Resting right at the top of a dreadfully large pile of games I’ve meant to play is the original Lost Planet for the Xbox 360. One of those woulda, coulda, shoulda titles that just never made it into my rotation, it still waits for me in its original shrink wrap. When its counterpart on the PS3 showed up a year later on my doorstep for review, I couldn’t have been happier. Now, there were no excuses.
It quickly became clear what I had missed the first time around - a visceral experience of explosions, exploration, and gobs of bugs. Lost Planet: Extreme Condition is a maelstrom of fire and ice. There’s no rest right from the beginning, as Planet wastes no time throwing you into the middle of a full-bore onslaught while you desperately try to make sense of the chaos around you. Virtually all of the hallmarks of the game are on display right off the bat, between a combination of on-foot and mech-based combat, a wild array of insect enemies, and a cheesy, predictable plotline that uses every sci-fi game convention ever known.
The story, such as it is, puts you in the shoes of Wayne, suffering from amnesia and seeking revenge for the death of his father. Trapped on a frozen iceball of a planet known as E.D.N. III, he is rescued by a young trio of freedom fighters who are seeking to defeat snow pirates and an evil corporation, while also fending off giant masses of snow-bugs known as the Akrid. It seems that these insects have a thermal energy source inside their bodies, which is key to survival on the icebound landscapes. Keeping a supply of this energy is crucial to staying alive as you bound across the whitescape – if it runs out, so do you.
Luckily, the plot is secondary to the action, since shooting is the true heart and soul of the game. Action is fast, furious, and virtually non-stop, as Wayne employs all sorts of weaponry when battling the seemingly endless array of big bugs. Choosing your gun is never an easy task, since each enemy offers its own unique problems. A trusty machine gun handles the lowest-level akrid fairly well, and also takes out their nests quite nicely. When piloting a mech, however, the gatling guns and rocket launchers are your best friends, especially when up against bosses and their underlings. At various points, sniper rifles, sticky grenades, shotguns, and laser beams will help you eliminate your foes and move on to the next level. There’s no lack of variety when it comes to the instruments of death, nor the creatures you’ll be attacking.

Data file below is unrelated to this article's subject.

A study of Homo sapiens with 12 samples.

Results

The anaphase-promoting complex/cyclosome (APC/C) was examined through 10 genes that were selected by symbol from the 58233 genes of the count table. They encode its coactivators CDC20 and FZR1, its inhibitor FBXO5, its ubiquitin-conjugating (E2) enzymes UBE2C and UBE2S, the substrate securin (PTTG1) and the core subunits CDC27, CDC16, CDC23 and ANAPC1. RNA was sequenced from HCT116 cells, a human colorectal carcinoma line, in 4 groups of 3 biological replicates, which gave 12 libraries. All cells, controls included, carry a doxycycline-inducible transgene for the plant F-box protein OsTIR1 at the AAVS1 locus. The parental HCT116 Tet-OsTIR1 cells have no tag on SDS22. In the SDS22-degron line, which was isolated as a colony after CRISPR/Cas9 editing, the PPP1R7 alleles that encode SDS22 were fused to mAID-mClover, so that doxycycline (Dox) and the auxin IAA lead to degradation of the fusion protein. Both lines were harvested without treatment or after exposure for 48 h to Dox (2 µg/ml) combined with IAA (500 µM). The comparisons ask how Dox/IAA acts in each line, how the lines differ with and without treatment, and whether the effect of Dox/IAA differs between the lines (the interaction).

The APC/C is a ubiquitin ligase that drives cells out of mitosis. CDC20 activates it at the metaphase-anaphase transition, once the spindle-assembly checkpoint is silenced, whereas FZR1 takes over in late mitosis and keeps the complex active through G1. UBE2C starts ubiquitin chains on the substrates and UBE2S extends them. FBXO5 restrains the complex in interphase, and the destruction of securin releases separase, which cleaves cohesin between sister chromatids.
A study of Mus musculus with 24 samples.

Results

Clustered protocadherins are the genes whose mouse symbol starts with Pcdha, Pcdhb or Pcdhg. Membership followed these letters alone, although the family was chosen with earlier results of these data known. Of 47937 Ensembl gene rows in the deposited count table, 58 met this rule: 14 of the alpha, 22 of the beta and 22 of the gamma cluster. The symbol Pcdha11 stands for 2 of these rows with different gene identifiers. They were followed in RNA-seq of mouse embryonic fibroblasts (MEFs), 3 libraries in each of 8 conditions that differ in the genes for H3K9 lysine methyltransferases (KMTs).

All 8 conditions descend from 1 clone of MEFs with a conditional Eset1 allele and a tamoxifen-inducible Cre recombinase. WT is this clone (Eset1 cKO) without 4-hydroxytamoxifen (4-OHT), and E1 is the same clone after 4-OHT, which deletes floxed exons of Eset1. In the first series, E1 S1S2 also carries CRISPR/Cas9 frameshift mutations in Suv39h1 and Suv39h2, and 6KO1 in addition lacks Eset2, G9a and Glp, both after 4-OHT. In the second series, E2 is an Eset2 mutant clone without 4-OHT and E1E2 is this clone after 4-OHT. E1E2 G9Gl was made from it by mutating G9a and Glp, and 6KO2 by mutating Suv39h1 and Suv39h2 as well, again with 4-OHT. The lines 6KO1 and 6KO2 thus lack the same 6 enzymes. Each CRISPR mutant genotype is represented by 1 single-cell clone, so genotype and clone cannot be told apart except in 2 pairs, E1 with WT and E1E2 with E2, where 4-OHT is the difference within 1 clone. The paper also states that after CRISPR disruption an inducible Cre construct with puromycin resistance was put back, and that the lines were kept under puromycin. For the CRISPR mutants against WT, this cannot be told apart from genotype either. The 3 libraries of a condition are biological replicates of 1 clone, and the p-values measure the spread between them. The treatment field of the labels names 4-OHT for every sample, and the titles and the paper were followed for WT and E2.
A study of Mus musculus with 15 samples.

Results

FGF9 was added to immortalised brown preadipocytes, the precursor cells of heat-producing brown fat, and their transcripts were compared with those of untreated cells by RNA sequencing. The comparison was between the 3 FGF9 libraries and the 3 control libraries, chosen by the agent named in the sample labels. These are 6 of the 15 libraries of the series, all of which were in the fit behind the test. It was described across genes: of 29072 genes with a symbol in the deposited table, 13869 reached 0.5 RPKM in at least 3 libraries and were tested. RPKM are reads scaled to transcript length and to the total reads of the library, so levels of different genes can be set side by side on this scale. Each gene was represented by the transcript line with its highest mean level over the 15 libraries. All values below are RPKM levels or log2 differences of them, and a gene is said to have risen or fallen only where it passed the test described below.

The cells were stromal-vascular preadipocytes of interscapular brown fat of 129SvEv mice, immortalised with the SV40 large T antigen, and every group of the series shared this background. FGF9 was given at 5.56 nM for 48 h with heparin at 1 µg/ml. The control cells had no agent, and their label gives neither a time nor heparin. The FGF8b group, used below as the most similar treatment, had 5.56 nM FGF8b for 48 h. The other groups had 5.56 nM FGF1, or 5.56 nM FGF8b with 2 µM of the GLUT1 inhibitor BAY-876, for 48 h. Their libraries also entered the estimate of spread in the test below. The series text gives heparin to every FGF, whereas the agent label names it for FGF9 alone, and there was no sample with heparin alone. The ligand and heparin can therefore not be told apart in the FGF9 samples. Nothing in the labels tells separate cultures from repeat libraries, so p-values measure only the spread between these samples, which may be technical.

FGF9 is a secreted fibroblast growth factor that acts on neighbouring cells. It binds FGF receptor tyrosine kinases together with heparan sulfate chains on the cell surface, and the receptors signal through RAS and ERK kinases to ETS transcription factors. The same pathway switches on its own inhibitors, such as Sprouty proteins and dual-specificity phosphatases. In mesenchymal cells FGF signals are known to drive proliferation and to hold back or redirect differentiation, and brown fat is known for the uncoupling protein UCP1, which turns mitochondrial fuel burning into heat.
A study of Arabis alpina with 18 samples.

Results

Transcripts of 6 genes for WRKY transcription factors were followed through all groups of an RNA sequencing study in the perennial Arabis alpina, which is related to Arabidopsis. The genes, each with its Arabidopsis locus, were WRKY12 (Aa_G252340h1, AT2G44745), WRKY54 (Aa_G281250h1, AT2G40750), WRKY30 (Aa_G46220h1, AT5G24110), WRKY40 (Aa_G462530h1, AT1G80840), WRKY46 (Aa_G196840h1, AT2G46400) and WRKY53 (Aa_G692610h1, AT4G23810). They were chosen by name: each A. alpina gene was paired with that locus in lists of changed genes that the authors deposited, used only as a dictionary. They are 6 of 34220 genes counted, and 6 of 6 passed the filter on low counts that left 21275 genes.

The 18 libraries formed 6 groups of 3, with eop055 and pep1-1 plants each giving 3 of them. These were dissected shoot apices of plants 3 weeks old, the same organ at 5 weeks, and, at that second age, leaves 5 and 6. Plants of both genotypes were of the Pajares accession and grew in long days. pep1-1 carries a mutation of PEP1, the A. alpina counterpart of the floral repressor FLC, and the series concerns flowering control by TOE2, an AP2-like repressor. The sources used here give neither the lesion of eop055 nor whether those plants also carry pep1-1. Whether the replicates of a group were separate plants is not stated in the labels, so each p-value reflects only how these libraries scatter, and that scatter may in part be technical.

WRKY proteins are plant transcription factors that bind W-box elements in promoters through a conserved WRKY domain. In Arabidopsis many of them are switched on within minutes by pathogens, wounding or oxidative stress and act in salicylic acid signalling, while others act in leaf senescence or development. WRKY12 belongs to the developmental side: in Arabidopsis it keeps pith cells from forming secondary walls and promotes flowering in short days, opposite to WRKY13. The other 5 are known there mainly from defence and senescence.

Lost Planet’s most striking feature is its variety of combat. While there are plenty of times your character is on foot shooting everything in sight, all kinds of different mechs (termed Vital Suits in the game’s vernacular) litter the landscape and are available for use at key points throughout the game. Each model offers a varying experience; some can support dual-wielding machine guns or rocket launchers, while others don’t pack as powerful of an offensive punch but can leap tall buildings in a single bound. Learning to use their distinct advantages goes a long way towards being successful.
Even when you’re not piloting metal behemoths, Wayne has plenty of tricks up his sleeve. A nifty grappling hook allows you to scale all sorts of treacherous obstacles, and particularly thoughtful usage of it will put you in a dominating position just when you think there’s nowhere else to turn. One great example of this was when I was up against a nasty mech in a middle chapter, getting rockets blasted at me and feeling virtually helpless. After a few tries, I was able to carefully make my way all the way to the top of a huge building, looking down at the mech who suddenly found himself in an impossible situation. He couldn’t reach me, yet my rocket launcher found him just fine. Problem solved.
About the only problems Planet has lie in its surprisingly underwhelming usage of the PlayStation 3 hardware. There were several occasions when the on-screen action came to a virtual halt, notably when a plethora of enemies and firepower were all in the fray. You’ll fight the controls too, especially when it comes to reloading your weapons. There’s also no denying that Lost Planet looks rather ordinary. It’s not ugly by any means, but I’ve come to expect a bit more from Sony’s powerhouse of a machine (especially in cutscenes).
Even so, these complaints are relatively minor when viewed in context of the overall experience. Lost Planet: Extreme Condition is a powerful, bombastic exercise in mayhem. Whether you’re up against bugs, humans, or machines, Planet is challenging and explosive. So what if the popcorn movie-worthy plot isn‘t the greatest you’ve ever seen; how many good action movies need a compelling narrative? With Planet, the action is the driver, and that’s all that you need.